December 20, 1987|Stuart K. Spencer | Stuart K. Spencer served as senior campaign adviser for Ronald Reagan in 1980 and 1984

IRVINE — Tuesday a political bombshell exploded in New Hampshire--and in the Democratic Party. Like a bad penny, former Sen. Gary Hart(pence) had turned up and filed as a candidate for President. After forking over $1,000 and signing a form or two, he emerged from the Statehouse to meet the media and announce his reborn candidacy of no money, no organization, only ideas.

For the Republicans it's a godsend. Instead of their guys being the object of press scrutiny over differences in support for the President's Intermediate-Range Nuclear Force Treaty, front pages and life-style pages are reserved for Hart and his friends. The soap opera continues.

A year ago, Hart qualifying for the New Hampshire primary would not have been news. But along the way came the merry month of May, Donna Rice and the "end" of Hart's front-running campaign.

Cynics speculate that Hart is after the money pot in federal matching funds awaiting his renewed campaign. This is a factor--a man able to cut his debts by at least half would be well advised to do so. Hart has, however, in addition to a large dose of vanity, a more personal reason for returning. As a published novelist he wants, if not redemption, at least the opportunity to rewrite the last chapter of his political book, believing he can do it better than the Miami Herald--philosophy, not philandering.

He may want to talk about his vision of the future but the vision people remember is the reporter standing in the back alley of Hart's Capitol Hill town house, scoping his weekend fling. Every reporter on the campaign trail knows that vision and also knows he stands a better chance of getting his 90 seconds on the evening news if it shows Hart blowing up when asked for the third time that day the momentous question, "What was Donna Rice really like?" than if it shows Hart chopping wood. Sorry Gary, people forgive--they don't forget.

What gives Hart his shot is the incredible political weakness of the six other guys who stayed in the Democratic race for President. Hart may fancy himself the "white knight" that Democrats have been hoping would rescue them from their pedestrian field. In reality, he is the seventh dwarf.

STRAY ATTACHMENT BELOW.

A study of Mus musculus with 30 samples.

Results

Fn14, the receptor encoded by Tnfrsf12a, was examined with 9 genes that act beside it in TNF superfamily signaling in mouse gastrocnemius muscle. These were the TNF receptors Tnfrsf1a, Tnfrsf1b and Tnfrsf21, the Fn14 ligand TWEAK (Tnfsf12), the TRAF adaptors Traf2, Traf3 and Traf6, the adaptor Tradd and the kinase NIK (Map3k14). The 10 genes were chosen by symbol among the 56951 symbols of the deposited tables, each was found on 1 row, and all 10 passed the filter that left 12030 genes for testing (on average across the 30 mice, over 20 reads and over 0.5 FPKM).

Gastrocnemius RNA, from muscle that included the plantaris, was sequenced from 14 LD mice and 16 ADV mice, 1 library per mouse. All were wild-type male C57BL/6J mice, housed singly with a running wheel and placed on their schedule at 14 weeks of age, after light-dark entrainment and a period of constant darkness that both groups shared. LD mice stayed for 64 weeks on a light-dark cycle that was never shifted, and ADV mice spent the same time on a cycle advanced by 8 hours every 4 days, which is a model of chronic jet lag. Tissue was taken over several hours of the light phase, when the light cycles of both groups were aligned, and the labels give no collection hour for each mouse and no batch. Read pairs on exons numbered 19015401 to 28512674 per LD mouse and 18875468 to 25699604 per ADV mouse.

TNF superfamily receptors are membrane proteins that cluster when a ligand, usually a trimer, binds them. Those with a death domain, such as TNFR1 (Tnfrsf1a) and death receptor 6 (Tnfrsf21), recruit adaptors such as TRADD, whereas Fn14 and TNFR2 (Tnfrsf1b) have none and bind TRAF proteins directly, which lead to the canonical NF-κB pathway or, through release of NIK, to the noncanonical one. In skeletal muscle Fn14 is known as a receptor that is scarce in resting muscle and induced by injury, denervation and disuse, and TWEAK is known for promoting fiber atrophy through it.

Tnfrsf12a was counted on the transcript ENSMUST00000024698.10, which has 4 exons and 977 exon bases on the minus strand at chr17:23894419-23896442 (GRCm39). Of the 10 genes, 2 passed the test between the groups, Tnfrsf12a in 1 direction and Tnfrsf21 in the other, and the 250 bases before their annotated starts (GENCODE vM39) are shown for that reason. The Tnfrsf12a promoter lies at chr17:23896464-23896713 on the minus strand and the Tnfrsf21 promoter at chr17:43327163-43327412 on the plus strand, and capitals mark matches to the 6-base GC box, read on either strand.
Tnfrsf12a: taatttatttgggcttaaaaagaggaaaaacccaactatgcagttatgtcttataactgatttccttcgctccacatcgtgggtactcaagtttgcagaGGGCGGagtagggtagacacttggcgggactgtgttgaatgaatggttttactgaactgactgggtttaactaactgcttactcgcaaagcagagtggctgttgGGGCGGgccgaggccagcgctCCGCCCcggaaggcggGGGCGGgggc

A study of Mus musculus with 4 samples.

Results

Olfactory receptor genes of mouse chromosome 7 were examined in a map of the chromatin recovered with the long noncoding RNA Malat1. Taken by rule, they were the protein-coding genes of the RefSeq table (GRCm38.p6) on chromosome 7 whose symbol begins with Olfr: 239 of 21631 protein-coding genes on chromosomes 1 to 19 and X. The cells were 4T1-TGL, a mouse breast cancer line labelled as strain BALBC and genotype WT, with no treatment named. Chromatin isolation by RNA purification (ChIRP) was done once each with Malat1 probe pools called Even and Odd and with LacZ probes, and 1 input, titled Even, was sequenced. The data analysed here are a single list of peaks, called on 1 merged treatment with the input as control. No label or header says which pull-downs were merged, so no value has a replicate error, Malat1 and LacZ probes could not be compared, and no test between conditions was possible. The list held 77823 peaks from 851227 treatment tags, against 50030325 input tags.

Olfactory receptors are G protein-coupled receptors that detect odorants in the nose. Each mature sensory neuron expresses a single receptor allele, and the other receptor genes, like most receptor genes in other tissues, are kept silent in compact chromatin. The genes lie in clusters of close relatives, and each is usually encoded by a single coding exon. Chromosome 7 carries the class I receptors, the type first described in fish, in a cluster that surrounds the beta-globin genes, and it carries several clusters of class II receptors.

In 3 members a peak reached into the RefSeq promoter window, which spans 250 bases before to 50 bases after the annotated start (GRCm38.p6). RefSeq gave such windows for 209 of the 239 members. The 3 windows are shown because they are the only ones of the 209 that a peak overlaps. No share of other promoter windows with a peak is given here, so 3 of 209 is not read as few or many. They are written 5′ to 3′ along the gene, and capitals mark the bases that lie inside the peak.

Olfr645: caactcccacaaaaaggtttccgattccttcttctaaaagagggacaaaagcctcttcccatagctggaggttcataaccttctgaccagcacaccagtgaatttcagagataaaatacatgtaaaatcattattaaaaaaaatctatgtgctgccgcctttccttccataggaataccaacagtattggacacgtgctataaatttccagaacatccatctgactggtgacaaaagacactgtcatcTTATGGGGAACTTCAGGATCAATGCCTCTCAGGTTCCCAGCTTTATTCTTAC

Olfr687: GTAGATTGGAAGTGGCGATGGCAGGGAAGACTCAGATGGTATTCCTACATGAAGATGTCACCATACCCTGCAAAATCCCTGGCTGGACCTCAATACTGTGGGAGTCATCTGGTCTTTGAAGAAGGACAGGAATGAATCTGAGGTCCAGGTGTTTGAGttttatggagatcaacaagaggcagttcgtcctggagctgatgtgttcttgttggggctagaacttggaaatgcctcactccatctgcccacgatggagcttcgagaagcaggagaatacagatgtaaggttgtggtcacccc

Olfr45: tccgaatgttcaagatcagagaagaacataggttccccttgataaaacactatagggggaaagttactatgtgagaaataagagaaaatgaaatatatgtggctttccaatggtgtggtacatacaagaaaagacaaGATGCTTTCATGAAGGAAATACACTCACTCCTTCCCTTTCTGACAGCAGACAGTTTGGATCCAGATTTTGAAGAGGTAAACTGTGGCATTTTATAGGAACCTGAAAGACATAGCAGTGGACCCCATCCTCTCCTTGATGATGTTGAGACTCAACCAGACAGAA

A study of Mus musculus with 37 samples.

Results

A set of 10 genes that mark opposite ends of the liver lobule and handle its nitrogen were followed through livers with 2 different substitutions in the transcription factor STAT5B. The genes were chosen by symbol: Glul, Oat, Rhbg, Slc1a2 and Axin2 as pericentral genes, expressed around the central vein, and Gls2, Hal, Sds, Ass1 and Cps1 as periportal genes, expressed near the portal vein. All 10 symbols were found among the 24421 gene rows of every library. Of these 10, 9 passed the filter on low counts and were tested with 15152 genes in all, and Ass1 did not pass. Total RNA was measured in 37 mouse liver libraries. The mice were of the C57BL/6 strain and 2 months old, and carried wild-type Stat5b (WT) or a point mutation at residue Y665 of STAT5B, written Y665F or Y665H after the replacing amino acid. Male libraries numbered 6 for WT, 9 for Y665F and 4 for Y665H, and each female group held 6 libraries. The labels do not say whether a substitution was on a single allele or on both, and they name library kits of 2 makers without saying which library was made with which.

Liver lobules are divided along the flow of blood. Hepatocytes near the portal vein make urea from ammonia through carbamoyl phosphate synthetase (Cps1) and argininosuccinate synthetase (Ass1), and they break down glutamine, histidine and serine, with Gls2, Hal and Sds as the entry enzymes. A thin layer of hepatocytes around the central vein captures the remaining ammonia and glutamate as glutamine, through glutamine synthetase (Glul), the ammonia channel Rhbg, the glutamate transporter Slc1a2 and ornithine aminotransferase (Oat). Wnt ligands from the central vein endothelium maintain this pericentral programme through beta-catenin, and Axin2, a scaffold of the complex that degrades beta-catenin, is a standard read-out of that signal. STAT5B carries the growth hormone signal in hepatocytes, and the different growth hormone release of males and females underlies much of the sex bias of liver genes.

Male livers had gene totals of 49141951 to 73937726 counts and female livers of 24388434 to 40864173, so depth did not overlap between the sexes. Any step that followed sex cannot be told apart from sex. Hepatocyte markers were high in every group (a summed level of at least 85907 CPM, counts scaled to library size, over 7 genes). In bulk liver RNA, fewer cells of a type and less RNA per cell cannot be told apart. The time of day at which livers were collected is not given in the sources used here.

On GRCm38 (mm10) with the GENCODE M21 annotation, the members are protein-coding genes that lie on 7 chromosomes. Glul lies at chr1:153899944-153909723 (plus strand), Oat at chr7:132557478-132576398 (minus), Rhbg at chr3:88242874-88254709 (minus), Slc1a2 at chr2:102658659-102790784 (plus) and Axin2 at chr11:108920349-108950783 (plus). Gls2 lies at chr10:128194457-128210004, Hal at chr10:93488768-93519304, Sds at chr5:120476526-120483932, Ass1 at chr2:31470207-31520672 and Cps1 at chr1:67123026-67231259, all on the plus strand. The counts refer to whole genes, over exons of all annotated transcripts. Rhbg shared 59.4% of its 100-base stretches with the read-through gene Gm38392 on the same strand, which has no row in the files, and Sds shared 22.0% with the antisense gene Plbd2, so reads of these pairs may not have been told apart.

Overnight polls show pretty good numbers for Hart. He is a factor. One such survey of New Hampshire Democrats by Peter Hart, an excellent pollster, shows Hart in a good position--as close to front-runner Massachusetts Gov. Michael S. Dukakis as he is to third-place Sen. Paul Simon of Illinois. Even in that field, it's impressive. These numbers show Hart will be around for a while if he can take the heat.

Hart cannot be elected President next November, period. The American people are willing to elect and re-elect Presidents who provide grist for Johnny Carson's monologues. They are not, however, going to elect someone whose name evokes snickers. The Hart campaign is at best an exercise in futility (excepting the debt-reducing funds and increased speaking fees) and at worst a circus freak show exhibit akin to the two-headed calf. This year it's not a question of "where's the beef?" but "where's the Rice?"

What is real in his re-entry is the damage he will do to the Democratic Party's chances in 1988. The damage, while not fatal, appears at least chronic. Every time the seven Democrats get on a TV stage, there will be Hart and the others. All the images will come back--Bimini and bimbos--and the jokes told. The Democrats on stage and the Democratic Party everywhere will baste in his juices.

This is a dilemma that may cause a candidate or two to sort him out in public or stay off the stage. Perhaps Ann S. Lewis, former Democratic Party national political adviser and now a Jesse Jackson adviser, summed it up best when she said, "It only reinforces the perception that the Democratic Party process is not to be taken seriously."

That is a condemning description. It's no wonder Republicans cannot contain their yuletide glee. The "high plains drifter" has returned in time to play Marley's ghost for 1987 and to un-merry Christmas for the Democrats. There are now six Republicans and seven Democrats running for President. Thirteen is supposed to be an unlucky number, but it looks pretty lucky now for the GOP.